Filed Under:Life Insurance, Life Planning Strategies

DIY management of portfolios down among wealthy investors

Fewer mass affluent investors want to be actively involved in the day-to-day management of their investments, according to a new report.

Spectrem Group, a Chicago-based strategic consulting and market research firm specializing in the affluent and retirement markets, published this finding in a first quarter Millionaire Corner survey of households with a net worth between $100,000 and $1 million (not including primary residence).

Just over one-third (35 percent) of mass affluent investors polled say they want to manage their investments on a daily business, down from 41 percent in 2012. But 40 percent say that they still enjoy investing and would not want to stop, up from 34 percent last year.

The youngest mass affluent investors, the report adds, are likely to be most engaged with their portfolios. Fifty percent of those under the age of 45 say they like to be actively involved in he day-to-day management of their investments, compared to 30 percent of older affluent investors.

The majority of these investors (53 percent) consider themselves “fairly knowledgeable” about financial products and investments, but still have “a great deal” to learn. Only 11 percent consider themselves “very knowledgeable.”

Confidence in financial knowledge increases with wealth, the research finds. Twenty-two percent of millionaires consider themselves very knowledgeable about financial products and investments, while 62 percent say they are fairly knowledgeable.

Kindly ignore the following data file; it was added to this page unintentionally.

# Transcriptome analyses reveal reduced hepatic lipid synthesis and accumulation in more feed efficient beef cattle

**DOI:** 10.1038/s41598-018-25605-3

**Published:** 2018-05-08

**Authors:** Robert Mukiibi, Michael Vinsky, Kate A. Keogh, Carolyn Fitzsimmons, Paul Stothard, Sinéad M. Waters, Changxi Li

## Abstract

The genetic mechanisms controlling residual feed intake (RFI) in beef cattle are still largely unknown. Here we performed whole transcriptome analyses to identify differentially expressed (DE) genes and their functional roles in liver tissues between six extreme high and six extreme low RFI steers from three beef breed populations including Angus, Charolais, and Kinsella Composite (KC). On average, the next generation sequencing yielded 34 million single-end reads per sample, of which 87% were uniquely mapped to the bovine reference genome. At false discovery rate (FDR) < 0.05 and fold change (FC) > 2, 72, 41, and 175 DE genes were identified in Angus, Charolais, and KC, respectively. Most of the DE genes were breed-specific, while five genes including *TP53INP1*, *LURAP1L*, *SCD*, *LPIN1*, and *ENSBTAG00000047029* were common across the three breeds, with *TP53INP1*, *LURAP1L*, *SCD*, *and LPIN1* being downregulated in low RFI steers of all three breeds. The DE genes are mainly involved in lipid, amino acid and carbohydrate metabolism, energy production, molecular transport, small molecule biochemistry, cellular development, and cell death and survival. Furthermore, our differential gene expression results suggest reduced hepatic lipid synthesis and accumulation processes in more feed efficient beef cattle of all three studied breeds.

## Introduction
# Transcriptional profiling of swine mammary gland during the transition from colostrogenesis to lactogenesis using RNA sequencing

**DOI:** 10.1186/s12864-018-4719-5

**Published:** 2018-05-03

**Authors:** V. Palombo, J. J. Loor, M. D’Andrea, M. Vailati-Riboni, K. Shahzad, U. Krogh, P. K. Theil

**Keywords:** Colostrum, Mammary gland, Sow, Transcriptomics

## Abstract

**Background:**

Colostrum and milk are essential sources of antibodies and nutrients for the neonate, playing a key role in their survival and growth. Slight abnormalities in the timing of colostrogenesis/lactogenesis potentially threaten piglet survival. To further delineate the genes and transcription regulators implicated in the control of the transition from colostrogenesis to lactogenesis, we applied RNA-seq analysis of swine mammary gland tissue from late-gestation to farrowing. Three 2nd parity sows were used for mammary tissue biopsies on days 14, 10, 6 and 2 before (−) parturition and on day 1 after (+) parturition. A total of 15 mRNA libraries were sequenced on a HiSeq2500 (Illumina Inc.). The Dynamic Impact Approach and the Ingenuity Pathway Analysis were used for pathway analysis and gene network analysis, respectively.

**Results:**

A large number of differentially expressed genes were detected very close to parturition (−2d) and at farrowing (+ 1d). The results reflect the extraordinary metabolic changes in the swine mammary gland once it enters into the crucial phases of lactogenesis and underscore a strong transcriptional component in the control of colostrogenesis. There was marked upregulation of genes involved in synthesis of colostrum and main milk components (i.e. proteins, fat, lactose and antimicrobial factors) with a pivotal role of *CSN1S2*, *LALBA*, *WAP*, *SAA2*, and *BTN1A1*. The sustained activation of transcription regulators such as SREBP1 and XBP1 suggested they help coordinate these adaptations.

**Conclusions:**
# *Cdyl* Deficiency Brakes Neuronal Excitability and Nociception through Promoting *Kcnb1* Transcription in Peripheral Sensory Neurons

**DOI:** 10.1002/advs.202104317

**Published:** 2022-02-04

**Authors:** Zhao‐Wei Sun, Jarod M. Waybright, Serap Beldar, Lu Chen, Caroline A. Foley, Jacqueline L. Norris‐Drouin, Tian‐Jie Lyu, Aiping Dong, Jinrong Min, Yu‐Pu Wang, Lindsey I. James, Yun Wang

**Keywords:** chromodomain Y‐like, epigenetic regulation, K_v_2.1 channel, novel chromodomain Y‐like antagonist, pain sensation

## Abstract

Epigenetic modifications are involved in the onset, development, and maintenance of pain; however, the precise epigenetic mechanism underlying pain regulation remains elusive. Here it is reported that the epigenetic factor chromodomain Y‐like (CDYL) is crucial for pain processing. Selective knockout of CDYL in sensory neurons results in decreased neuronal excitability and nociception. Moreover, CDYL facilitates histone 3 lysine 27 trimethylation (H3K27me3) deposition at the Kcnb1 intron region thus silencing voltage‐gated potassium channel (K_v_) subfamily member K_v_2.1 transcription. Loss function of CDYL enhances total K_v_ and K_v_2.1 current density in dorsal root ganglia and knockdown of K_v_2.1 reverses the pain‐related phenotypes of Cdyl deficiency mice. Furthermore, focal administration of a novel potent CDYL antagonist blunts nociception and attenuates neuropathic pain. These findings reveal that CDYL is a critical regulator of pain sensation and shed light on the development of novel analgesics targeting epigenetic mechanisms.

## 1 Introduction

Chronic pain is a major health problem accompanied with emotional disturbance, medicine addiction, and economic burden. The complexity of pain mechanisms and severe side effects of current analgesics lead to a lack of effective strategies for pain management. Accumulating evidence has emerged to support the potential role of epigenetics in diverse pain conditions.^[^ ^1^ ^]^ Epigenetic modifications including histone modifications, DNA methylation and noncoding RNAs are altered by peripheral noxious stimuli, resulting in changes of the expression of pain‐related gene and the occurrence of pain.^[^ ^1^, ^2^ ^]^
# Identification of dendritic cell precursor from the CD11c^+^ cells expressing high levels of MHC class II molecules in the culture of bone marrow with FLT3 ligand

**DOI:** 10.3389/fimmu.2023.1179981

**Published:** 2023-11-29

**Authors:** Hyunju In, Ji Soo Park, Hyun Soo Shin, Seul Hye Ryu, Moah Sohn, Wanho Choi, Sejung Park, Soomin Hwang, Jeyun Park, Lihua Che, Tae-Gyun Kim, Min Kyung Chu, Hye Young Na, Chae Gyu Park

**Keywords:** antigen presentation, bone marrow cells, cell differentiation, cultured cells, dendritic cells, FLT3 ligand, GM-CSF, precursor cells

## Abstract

The study adds that mass affluent investors have become more self-directed, meaning that they make their own investment decisions without the assistance of a financial advisor. Forty-four percent of respondents identify themselves as self-directed, up from 39 percent in 2009 and 40 percent last year.

Conversely, just 10 percent identify themselves as advisor-dependent, meaning they rely on a financial advisor to make most or all of their investment decisions. This is down from 15 percent in 2009 and 12 percent last year.

One of the primary reasons for this is that mass affluent investors generally do not describe themselves as wealthy. Less than half of those surveyed identify themselves this way, compared with just under 61 percent of millionaires, who are more likely to work with a financial advisor.

Of mass affluent investors, 30 percent will consult with a financial advisor for a specific need or event, such as reallocating assets or saving for retirement compared to 26 percent in 2007.